Legislature’s special session to decide on Taipei flood works


The China Post staff

The proposal failed to earn approval in the last week of the Legislature’s previous session after bi-partisan negotiations broke down over opposition demands that NT$1.93 billion for similar works in Taipei City be included in the budget. Taipei Mayor Ma Ying-jeou had asked that the city get funds from the central government for three different projects, including work along the Neikou and Kuangkang Creeks and demolition of a bridge. Premier Yu Shyi-kun said funding was not allocated for Taipei City because the projects in question weren’t actually a part of flood prevention works along the Keelung River. Yu’s budget director Lin Chuan claimed that regulations prevented the Executive Yuan from subsidizing the projects in part because Taipei City is financially healthy compared to other local governments. As an example, government officials point out that Taipei City paid its own way for similar works undertaken when Hau Pei-tsun served as premier. Meeting Ma’s request would set a bad precedent and could lead to any number of similar requests for funding from Taipei City and other municipalities, Lin argued. Preliminary reports suggest that the premier will not back down from that position when he addresses the Legislative Yuan today. Yu is further expected to go back on an earlier concession that he made to Ma and opposition lawmakers. Earlier, Yu agreed to including NT$350 million in funding for works along the Neikou Creek in the budget proposal. Today he is expected to argue that under existing laws Taipei City should have to find funding for all three projects on its own. Yesterday Democratic Progressive Party lawmaker Wang To seemed to hint that that will be the case when he said that the government’s budget director had been unable to come up with any item in the budget under which to include funding for work along the Neikou Creek. Please see FLOOD on page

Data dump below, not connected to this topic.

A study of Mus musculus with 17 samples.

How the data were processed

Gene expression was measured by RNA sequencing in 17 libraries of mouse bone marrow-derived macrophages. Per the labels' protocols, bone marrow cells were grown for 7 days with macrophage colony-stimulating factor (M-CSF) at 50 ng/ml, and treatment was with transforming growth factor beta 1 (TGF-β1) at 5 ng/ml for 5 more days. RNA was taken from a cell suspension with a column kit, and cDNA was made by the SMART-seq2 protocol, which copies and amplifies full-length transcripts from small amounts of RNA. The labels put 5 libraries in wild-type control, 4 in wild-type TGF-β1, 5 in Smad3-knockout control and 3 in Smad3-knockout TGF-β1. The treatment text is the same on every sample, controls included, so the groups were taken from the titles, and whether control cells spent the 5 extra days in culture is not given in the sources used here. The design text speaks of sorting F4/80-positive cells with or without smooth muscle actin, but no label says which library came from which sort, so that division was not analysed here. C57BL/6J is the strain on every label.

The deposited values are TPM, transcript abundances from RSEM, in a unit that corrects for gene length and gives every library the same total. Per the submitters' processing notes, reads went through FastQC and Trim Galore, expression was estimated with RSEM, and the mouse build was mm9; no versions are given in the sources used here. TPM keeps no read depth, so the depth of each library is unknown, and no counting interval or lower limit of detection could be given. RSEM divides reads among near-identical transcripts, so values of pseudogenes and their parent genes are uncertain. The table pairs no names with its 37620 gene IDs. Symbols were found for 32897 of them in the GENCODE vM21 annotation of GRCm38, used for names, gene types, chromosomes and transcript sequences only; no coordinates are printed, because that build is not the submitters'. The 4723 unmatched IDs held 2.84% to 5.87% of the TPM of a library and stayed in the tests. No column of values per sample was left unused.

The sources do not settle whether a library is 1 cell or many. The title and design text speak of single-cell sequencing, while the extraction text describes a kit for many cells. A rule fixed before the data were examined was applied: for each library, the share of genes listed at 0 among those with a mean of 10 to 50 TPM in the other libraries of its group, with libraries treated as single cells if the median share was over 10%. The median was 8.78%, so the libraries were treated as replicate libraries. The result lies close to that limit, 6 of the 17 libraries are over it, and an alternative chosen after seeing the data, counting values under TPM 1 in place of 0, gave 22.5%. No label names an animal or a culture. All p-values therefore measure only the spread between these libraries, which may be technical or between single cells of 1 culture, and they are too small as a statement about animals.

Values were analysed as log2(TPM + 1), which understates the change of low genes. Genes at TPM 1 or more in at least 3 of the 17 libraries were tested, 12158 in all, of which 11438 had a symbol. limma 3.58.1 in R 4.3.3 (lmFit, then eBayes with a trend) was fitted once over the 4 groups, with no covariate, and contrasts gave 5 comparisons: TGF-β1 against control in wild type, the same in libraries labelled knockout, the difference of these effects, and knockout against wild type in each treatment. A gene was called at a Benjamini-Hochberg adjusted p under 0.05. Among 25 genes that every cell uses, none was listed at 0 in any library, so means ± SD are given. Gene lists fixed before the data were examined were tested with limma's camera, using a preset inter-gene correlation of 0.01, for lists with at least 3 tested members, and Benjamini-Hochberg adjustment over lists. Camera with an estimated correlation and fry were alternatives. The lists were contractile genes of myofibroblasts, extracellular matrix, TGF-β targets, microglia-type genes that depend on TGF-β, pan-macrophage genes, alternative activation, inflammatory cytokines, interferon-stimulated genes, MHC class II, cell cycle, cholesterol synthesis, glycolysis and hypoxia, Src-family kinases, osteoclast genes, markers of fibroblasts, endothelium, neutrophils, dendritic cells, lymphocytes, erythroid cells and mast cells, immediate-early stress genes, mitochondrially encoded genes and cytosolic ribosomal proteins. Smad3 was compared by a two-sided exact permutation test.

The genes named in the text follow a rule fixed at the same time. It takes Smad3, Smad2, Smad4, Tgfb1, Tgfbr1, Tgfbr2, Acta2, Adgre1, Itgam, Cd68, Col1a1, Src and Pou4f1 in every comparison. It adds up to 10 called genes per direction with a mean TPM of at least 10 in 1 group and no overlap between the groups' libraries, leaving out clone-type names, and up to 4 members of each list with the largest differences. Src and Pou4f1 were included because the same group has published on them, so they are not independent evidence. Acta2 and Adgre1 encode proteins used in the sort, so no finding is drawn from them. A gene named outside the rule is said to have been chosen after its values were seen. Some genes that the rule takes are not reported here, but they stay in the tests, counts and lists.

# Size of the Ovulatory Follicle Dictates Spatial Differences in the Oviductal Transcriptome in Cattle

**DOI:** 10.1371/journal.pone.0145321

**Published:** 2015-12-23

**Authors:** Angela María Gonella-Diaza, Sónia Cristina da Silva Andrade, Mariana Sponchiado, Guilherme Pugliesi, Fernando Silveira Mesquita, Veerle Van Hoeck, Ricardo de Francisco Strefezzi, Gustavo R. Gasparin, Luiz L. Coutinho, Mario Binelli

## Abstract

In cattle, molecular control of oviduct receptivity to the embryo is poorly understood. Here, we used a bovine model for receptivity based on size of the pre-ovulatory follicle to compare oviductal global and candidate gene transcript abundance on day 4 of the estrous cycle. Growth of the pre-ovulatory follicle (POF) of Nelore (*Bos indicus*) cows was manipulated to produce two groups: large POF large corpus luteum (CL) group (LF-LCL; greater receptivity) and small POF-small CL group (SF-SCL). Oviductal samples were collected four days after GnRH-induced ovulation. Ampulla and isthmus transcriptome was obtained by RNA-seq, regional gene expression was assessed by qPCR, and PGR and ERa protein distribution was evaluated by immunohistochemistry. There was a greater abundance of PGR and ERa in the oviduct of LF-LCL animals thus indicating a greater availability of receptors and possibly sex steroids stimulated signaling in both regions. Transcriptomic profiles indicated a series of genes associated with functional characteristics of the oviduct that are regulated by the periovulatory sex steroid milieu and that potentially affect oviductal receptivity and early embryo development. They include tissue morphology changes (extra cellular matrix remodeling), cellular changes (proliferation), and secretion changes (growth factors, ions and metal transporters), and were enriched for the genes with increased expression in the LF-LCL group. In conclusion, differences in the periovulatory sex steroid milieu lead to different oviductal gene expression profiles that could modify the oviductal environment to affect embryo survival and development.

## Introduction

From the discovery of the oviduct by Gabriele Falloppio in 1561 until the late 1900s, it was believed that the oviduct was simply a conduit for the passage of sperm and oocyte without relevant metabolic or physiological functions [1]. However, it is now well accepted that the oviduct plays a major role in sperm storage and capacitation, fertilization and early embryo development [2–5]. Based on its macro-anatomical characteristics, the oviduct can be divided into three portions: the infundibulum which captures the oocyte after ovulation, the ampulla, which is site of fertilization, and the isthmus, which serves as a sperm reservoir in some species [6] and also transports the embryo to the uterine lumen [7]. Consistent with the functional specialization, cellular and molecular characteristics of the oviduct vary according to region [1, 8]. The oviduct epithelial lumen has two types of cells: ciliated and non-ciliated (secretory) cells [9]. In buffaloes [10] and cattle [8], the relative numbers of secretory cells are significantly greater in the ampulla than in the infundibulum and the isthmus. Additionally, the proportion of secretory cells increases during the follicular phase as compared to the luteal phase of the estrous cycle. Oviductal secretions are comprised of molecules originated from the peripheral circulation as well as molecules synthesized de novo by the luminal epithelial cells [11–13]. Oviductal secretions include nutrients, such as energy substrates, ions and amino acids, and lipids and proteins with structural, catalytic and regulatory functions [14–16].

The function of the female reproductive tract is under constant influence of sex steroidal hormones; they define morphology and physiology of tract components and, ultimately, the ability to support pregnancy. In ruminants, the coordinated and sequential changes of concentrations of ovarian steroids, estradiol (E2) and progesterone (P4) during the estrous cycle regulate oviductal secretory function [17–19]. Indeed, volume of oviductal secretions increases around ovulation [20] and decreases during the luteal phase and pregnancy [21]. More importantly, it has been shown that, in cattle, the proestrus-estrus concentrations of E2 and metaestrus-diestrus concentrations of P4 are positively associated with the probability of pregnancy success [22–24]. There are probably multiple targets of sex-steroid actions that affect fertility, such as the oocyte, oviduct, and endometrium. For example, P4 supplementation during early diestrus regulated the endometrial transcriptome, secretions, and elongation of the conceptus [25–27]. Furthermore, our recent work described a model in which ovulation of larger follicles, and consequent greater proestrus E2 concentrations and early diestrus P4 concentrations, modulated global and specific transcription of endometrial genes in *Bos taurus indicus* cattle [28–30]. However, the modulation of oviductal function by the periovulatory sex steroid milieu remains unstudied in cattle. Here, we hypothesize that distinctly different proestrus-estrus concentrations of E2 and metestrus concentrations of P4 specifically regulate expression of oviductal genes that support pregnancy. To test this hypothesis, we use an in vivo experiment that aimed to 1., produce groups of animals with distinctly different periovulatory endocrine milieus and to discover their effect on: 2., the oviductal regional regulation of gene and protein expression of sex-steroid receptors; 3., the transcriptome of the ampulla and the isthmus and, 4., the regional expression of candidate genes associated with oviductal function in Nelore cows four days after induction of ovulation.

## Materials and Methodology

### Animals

Another justification Yu is expected to use is that flood prevention works in Taipei already far outstrip similar preventive measures along other parts of the Keelung River. Yu is expected to point out, as he has done before, that flood prevention works for Taipei City are designed to protect against a return period, or recurrence interval, of 200 years.

By contrast, preventive measures along the Keelung River and other major rivers in Taiwan are designed to cope with the “100 year flood”, a statistical designation used to refer to a flood that has a one percent chance of occurring in any given year. Taipei City is not being excluded, but rather other areas are being given a chance to catch up to the nation’s capital in terms of flood protection, Yu is set to argue. The Ministry of Economic Affairs expects to have spent NT$70 billion by the time work along the river is completed. The NT$31.6 billion included in the current budget has been earmarked for projects that urgently need to be completed, according to the premier.